March 5 (Bloomberg) — Three trillion dollars is the amount that Nobel Prize winner Joseph Stiglitz puts as the cost of the Iraq war. In a new book with Linda Bilmes of Harvard's John F. Kennedy School of Government, the Columbia University economist argues that the Bush administration has underestimated outlays for the war by hundreds of billions of dollars.
"The Three Trillion Dollar War" offers a valuable reminder that wars usually cost more than budget figures suggest. Still, the profs are off the mark when it comes to their larger charge that this conflict is necessarily darkening the U.S.'s future.
Stiglitz and Bilmes start with legitimate points. The first is that the administration hasn't done a good job with numbers. In the run-up to the Iraq invasion, Larry Lindsey, then a top economic adviser to President George W. Bush, dared to hazard that the conflict might cost the egregious sum of $200 billion. Someone or other tried out $300 billion.
Defense Secretary Donald Rumsfeld appeared soon after on television, dismissing numbers in that range as "baloney." As the years passed, of course, it became clear that even the Lindsey estimate was far too low. Just last month, the Congressional Budget Office said the U.S. has already spent some $750 billion on Iraq, Afghanistan and the war on terror, with more to come.
To arrive at their $3 trillion, Stiglitz and Bilmes start with oil. They carefully note that a good share of the quadrupling of oil prices is a result of non-war reasons such as Chinese and U.S. demand.
The war, they determine, accounted for $5 or $10 of the per-barrel rise from $25 just after the war started to $100 today, a share they deem "significant." They also argue that Washington is vastly underestimating medical care for veterans, that over their lifetimes we will spend as much on the veterans as we have on the war to date.
In their best-case scenario, under which the U.S. presence in Iraq drops to 55,000 non-combat troops by 2012, the total budgetary costs for the conflict add up to $1.7 trillion. They posit that a more realistic figure would be $2.65 trillion.
When a U.S. soldier dies, the authors write, the Pentagon pays something like $500,000 to families in insurance and death benefits. Stiglitz and Bilmes claim that a more accurate price would be $7 million — the Pentagon fails to consider the lifetime earning and spending power lost when a soldier dies.
"Instead of paying for the war in Iraq, we could have fixed the Social Security problem for the next half-century," the authors say, and America would have had "a smaller mountain of debt."
'Vast and Huge' Cost
Non-budgetary and interest costs are an important part of the Stiglitz calculation. The authors worry about the deficit. The conflict's costs, they say, "are certain to be vast and huge and will continue for generations."
The rebuttal to this argument starts with oil. Professor Steven J. Davis of the University of Chicago Graduate School of Business challenges as "unwarranted" their argument that even $5-$10 of the per barrel increase is because of the war.
The 2003 drop in oil production by Iraq accounted for less than 1 percent of world production. Overall, world oil output went up from 2002 to 2006.
The authors' description of the war's cost as "vast" or "huge," conjures images of unprecedented financial sacrifice. But by the standard method of calculating costs of wars, defense spending as a share of gross domestic product, Iraq's price is improbably modest.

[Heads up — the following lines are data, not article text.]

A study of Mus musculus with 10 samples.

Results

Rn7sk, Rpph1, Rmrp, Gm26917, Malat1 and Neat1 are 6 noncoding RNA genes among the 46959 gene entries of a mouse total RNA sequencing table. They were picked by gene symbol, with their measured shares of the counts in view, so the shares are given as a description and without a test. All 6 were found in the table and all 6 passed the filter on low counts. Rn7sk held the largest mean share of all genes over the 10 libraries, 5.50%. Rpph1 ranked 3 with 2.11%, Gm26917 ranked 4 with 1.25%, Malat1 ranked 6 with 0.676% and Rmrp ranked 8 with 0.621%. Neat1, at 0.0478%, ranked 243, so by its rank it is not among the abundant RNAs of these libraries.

Back in 1986, the year before Ronald Reagan threw out his "tear down this wall" challenge to Mikhail Gorbachev, defense spending was 6.2 percent of the U.S. economy, according to the Congressional Budget Office. In 1968, the year of the Tet Offensive in Vietnam, it was 9.5 percent.
In 2005, 2006, and 2007, defense spending was about 4 percent of GDP — as low as during the early 1990s, when the U.S. was enjoying the "peace dividend" after the Soviet Union's collapse.
As for the budget deficit, it is likely to range between 2 percent and 3 percent of GDP this year, a humdrum level nothing like the heroic 30 percent deficit Washington ran as it prepared for D-Day.
Yet it is the Stiglitz-Bilmes "what-would-have-been" argument that will prove most contentious. Back in 2006, Davis and two colleagues made their own counterfactual case, seeking to analyze the costs of the theoretical alternative to war against Iraq: containment of Saddam.
Davis found that the costs of containment in Iraq would have been big. In certain situations, they even would have been "in the same ballpark as the likely costs of the Iraq intervention."
In a phone request for an update of his paper this week, Davis said sending additional U.S. troops last year, the "surge," increased costs enough to make the war yet more expensive — but not by trillions of dollars.
And where in the "Three Trillion" calculus does the new good news fit in, such as the International Monetary Fund's prediction that Iraq's GDP will increase by 7 percent this year?
The message of this book is that the war can be blamed for America's failure to reform domestically. If this is true, then Washington would have used the period of 1991 to 2001 to rewrite Social Security and Medicare. It didn't.
Democrats and Republicans will both find the Iraq-as-budget-buster argument convenient. That doesn't make it compelling. It is also disingenuous. There are a number of reasons to oppose the war in Iraq. Just don't say we can't afford it.
(Amity Shlaes, a senior fellow in economic history at the Council on Foreign Relations, is a Bloomberg News columnist. The opinions expressed are her own.)